Covenants not to compete traditionally have been difficult to enforce in Texas. An employer must make the covenant ancillary to or part of an otherwise enforceable agreement, and the consideration given by the employer must "give rise" to the employer's interest in restraining the employee for competing. According to earlier Texas Supreme Court opinions in Light and Sheshunoff, the only type of consideration that supports a non-compete in the general employment setting is the affirmative promise of confidential information or specialized skills and training. Now, based on a recent decision from the Texas Supreme Court, although a non-compete provision in an "at will" employment agreement did not specifically promise that the employer would provide confidential information to the employee, the Court found an implied promise to provide confidential information is sufficient to render the non-compete enforceable.

In Mann Frankfort Stein & Lipp Advisors, Inc. v. Brendan Fielding, the accounting firm required Fielding, at the inception of his reemployment, to sign an at-will employment agreement containing a client purchase provision that was effectively a covenant not to compete. Specifically, the client purchase provision stated:

If at any time within one (1) year after the termination or expiration hereof, Employee directly or indirectly performed accounting services for remuneration for any party who is a client of Employer during the term of the Employment Agreement, Employee shall immediately purchase from Employer and Employer shall sell to employee that portion of Employer`s business associated with each such client.

Notably absent from the employment agreement was a promise from the employer to provide confidential information or specialized skills and training to the employee in exchange for the promise not to compete - although the employee expressly promised not to disclose any confidential information.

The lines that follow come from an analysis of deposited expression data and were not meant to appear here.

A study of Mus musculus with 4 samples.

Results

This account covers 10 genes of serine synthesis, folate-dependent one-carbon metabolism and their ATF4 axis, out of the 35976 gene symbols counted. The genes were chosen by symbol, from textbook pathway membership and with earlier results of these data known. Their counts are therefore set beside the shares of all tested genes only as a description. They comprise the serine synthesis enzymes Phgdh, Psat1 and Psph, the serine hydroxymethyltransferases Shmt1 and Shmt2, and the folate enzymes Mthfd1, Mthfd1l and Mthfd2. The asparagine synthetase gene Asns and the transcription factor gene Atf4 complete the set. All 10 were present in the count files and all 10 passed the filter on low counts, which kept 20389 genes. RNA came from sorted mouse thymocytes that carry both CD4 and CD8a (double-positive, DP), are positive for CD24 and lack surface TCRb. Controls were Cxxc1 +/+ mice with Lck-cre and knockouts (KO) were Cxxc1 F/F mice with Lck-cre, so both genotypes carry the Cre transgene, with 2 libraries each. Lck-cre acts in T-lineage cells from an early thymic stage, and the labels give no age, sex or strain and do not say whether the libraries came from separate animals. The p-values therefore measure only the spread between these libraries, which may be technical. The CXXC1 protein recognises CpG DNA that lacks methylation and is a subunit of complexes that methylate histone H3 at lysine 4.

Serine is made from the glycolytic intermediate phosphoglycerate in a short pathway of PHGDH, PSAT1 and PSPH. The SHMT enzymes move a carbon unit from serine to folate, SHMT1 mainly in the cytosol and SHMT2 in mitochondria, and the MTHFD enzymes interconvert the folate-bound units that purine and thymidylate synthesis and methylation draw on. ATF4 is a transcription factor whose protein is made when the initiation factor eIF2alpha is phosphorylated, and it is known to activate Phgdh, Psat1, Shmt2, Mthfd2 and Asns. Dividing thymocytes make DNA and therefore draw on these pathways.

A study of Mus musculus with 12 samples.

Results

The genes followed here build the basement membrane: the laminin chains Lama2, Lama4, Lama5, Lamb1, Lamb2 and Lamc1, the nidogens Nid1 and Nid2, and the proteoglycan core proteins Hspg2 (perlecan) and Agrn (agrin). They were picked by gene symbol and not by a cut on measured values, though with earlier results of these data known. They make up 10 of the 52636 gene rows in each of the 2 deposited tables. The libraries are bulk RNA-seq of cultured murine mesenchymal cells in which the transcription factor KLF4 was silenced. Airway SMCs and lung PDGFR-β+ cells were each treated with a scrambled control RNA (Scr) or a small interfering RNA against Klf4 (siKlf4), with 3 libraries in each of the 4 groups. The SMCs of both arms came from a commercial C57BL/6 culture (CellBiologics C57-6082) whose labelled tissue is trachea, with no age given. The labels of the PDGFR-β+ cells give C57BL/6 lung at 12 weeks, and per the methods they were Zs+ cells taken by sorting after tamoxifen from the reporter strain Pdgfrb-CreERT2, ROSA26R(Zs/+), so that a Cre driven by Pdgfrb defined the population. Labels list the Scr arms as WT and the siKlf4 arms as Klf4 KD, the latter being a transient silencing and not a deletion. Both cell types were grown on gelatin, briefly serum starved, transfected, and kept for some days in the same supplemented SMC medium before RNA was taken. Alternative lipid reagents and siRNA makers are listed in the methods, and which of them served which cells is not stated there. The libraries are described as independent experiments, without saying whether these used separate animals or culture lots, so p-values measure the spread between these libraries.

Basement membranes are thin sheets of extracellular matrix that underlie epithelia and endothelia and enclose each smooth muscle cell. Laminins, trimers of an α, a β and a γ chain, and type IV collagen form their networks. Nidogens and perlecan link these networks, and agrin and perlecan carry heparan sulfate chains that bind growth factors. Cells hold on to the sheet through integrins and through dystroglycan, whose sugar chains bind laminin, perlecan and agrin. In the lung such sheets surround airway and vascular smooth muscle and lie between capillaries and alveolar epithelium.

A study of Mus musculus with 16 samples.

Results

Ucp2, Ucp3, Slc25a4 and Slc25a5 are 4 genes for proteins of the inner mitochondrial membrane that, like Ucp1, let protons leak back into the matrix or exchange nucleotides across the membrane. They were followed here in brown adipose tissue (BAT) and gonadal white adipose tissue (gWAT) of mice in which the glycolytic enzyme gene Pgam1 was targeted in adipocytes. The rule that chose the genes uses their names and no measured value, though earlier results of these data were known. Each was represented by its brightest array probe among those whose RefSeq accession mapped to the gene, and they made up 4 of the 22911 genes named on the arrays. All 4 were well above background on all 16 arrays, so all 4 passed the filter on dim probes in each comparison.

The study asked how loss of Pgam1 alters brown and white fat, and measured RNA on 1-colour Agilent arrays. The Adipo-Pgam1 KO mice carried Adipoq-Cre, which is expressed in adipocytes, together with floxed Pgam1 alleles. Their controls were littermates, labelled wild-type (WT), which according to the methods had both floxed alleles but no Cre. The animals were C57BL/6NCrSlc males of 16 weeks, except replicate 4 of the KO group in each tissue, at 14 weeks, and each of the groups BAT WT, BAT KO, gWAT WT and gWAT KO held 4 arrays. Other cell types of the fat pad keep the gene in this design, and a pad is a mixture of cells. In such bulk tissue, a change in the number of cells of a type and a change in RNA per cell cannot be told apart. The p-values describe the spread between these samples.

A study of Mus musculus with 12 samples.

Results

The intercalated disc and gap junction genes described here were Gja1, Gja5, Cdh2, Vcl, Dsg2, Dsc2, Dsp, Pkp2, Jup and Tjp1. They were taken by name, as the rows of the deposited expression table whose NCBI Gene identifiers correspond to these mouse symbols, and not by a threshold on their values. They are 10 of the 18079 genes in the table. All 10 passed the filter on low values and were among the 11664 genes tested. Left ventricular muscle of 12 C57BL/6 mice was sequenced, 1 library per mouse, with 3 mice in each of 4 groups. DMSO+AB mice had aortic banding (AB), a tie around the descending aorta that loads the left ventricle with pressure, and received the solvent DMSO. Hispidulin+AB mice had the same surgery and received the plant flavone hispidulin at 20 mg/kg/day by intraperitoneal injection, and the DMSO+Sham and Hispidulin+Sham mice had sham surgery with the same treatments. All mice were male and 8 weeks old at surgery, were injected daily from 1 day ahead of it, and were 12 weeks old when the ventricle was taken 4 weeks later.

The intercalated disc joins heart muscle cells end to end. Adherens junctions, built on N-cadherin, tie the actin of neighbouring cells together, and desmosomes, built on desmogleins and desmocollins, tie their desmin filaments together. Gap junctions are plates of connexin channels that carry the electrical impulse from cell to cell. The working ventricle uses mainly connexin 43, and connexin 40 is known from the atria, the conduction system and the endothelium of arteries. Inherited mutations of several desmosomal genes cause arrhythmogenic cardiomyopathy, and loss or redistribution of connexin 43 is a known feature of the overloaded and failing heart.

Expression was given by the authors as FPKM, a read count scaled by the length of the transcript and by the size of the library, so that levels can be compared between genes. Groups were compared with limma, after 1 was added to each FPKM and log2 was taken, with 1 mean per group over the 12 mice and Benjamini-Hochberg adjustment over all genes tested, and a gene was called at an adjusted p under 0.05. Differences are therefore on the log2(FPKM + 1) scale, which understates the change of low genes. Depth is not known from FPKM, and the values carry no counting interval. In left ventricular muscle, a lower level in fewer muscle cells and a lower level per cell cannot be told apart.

The Supreme Court of Texas held that when it is clear that performance expressly promised by one party (in this case, the employee`s promise not to disclose confidential information) is such that it cannot be accomplished until a second party has first performed (employer must first provide the confidential information), then the law will deem the second party to have impliedly promised to perform the necessary action. In other words, because Fielding's job — and his promise not to disclose confidential information — could not have been performed without Mann Frankfort providing confidential information to him, and since there was proof that Mann Frankfort did in fact provide confidential information to Fielding, then an implied promise to provide confidential information existed and constituted sufficient consideration to enforce the noncompete.

While the Supreme Court ultimately held the non compete to be enforceable — a win for the employer — simply including the specific language promising the confidential information to the employee in the text of the employment agreement could have saved the employer the headache of the appellate process.